What Is Interdisciplinary Communication?

  • Edited By: E. E. Hubbard
  • Last Modified Date: 01 April 2020

Schools that offer interdisciplinary communication usually allow students to choose specializations, as well as combine courses with those in the social sciences, business, or journalism. Some colleges, for example, offer interdisciplinary studies that follow different tracks. One track may include mass communications courses such as news writing, graphic design, and public speaking, while another may focus on public relations and advertising with courses like media writing, principles of marketing, and social psychology. Other tracks may follow a curriculum related to organizational communication with courses such as persuasive communication, human resource management, and organizational and industrial psychology.

Other colleges offer tracks that focus on multidisciplinary studies. They offer programs in interdisciplinary communication, with specializations such as marketing, journalism, and digital media. Each specialization has a curriculum relevant to that field of study, such as advertising, magazine writing, or interactive multimedia. In addition, it may be a requirement for all programs to also include general communication courses such as travel writing, popular culture, and media and politics.


Most interdisciplinary degree programs seek to provide students with an overview of communication, which helps to hone their skills in research, analysis, speaking, and writing. An example may be a communication studies program with courses related to interpersonal, mass, and oral communication, as well as theories of communication. To fulfill degree requirements, students may also need to take courses in English, sociology, and other social sciences like psychology and anthropology, in addition to economics, computer programming, and linguistics.

Studies in interdisciplinary communication often prepare students for further study and a wide range of careers. Those who seek graduate study may opt for programs in education, journalism, business or communication management, as well as law, film and television, and international relations. Courses in undergraduate and graduate study generally prepare students for jobs in government, print or broadcast journalism, and private and nonprofit corporations. Work can also be found in fields ranging from public relations to technology to finance. Training in teaching, social work, and human resources can also be received through interdisciplinary studies.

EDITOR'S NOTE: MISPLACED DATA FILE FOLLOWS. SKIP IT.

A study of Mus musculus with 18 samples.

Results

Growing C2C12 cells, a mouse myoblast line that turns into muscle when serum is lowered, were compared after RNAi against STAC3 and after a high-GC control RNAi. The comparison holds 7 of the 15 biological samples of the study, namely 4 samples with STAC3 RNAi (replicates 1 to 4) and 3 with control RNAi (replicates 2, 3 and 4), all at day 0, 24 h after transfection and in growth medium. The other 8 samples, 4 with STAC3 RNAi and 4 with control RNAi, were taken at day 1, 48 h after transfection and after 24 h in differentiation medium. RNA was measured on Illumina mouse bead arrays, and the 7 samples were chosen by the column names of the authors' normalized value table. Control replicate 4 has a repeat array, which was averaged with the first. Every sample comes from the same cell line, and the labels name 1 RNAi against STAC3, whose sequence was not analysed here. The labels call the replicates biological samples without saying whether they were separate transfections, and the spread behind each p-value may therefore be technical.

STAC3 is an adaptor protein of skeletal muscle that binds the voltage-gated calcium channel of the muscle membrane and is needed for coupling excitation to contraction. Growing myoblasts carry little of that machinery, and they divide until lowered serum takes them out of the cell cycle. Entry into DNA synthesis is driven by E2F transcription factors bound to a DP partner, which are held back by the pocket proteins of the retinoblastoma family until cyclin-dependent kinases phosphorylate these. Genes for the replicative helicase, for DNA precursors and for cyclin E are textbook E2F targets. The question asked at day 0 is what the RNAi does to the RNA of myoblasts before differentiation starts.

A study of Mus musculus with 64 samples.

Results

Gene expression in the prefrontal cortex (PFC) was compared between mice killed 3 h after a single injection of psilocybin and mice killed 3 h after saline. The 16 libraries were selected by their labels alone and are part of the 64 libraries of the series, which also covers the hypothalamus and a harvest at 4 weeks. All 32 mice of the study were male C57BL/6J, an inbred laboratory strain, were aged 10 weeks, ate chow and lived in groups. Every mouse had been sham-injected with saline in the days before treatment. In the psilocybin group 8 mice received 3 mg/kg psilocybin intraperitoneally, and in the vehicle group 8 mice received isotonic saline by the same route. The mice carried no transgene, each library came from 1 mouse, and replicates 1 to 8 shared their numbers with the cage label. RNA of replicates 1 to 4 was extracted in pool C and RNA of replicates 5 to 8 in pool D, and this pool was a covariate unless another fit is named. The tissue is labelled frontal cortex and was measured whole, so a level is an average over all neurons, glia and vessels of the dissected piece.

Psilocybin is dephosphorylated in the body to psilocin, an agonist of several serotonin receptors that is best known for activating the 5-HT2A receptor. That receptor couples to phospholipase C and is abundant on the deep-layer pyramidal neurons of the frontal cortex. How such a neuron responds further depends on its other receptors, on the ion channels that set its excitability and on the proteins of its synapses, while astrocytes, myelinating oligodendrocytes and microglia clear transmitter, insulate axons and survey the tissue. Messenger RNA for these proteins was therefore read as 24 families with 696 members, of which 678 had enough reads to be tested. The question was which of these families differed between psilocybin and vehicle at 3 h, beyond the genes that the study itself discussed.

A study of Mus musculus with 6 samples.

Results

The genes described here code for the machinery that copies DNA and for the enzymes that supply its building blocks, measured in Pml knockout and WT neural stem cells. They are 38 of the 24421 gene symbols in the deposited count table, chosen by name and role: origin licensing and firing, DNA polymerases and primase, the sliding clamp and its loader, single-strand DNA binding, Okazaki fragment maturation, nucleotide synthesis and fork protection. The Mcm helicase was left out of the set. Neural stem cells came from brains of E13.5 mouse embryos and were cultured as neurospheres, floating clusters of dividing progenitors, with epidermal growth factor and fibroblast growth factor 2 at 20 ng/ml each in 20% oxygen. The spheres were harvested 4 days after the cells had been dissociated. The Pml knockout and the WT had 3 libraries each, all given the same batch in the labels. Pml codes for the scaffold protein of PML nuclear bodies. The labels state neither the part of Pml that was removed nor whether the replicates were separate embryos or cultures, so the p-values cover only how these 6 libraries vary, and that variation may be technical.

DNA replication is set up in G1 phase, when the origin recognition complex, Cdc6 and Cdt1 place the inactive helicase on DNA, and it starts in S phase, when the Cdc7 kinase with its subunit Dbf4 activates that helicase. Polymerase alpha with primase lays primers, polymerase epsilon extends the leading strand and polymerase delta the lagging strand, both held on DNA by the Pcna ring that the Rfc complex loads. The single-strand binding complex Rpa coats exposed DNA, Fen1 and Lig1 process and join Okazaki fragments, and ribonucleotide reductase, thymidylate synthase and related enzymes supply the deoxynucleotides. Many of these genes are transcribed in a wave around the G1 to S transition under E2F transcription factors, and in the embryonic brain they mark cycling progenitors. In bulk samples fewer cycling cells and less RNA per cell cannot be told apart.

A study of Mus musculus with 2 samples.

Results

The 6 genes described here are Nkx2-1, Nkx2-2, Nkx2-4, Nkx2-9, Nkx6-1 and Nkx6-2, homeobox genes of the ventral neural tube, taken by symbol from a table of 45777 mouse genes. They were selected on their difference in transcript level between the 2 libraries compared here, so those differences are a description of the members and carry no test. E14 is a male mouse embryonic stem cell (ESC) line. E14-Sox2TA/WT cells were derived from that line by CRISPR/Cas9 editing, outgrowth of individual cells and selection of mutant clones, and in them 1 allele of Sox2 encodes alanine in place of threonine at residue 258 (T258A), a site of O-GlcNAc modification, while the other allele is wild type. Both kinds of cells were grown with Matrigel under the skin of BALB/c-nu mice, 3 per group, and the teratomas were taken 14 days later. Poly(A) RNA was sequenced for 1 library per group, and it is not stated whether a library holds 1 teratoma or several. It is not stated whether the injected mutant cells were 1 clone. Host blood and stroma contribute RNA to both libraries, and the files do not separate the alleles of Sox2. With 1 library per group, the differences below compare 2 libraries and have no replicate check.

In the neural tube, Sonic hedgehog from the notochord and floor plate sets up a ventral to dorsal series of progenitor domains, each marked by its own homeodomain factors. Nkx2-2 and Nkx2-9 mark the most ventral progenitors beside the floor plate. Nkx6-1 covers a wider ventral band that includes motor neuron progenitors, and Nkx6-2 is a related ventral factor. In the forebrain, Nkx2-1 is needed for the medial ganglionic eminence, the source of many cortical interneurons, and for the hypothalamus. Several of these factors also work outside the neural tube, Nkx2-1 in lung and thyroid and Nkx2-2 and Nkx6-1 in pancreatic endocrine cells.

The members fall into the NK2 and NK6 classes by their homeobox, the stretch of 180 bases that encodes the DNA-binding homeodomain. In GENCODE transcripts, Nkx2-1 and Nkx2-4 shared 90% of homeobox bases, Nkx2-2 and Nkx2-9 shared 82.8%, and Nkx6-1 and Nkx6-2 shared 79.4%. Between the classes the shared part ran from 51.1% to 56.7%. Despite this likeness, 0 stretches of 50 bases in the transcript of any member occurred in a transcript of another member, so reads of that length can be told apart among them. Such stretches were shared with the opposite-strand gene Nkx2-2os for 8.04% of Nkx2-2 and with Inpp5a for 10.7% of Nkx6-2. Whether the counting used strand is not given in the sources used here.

Does interdisciplinary communication also have courses in cross-cultural communication? I'm interested in both of these fields and I want to make sure that I take courses in both. Do we have any interdisciplinary communication students or graduates here? Did you take any classes on cross-cultural communication?

Post 2

@SarahGen-- I don't think that career options are limited with an interdisciplinary communications degree. Most public and private institutions have public relations departments or other departments where they need people educated and experienced in communications.

Of course, when the economy is tough, it may be necessary for an interdisciplinary communications graduate to think outside of the box and apply for positions in a wide range of fields. But the need for communication experts will never disappear.

Post 1

Skills in interdisciplinary communication is highly desirable nowadays in many different fields. I actually think that courses in interdisciplinary communication should be offered for all degrees and majors. Because more than likely, regardless of where these students end up working in the future, they will need to communicate and cooperate with individuals in other disciplines.

I don't think I would want my daughter to study this as a major in and of itself because I think that the career options would be somewhat limited without another degree. But I would like her to take classes in it regardless of her major.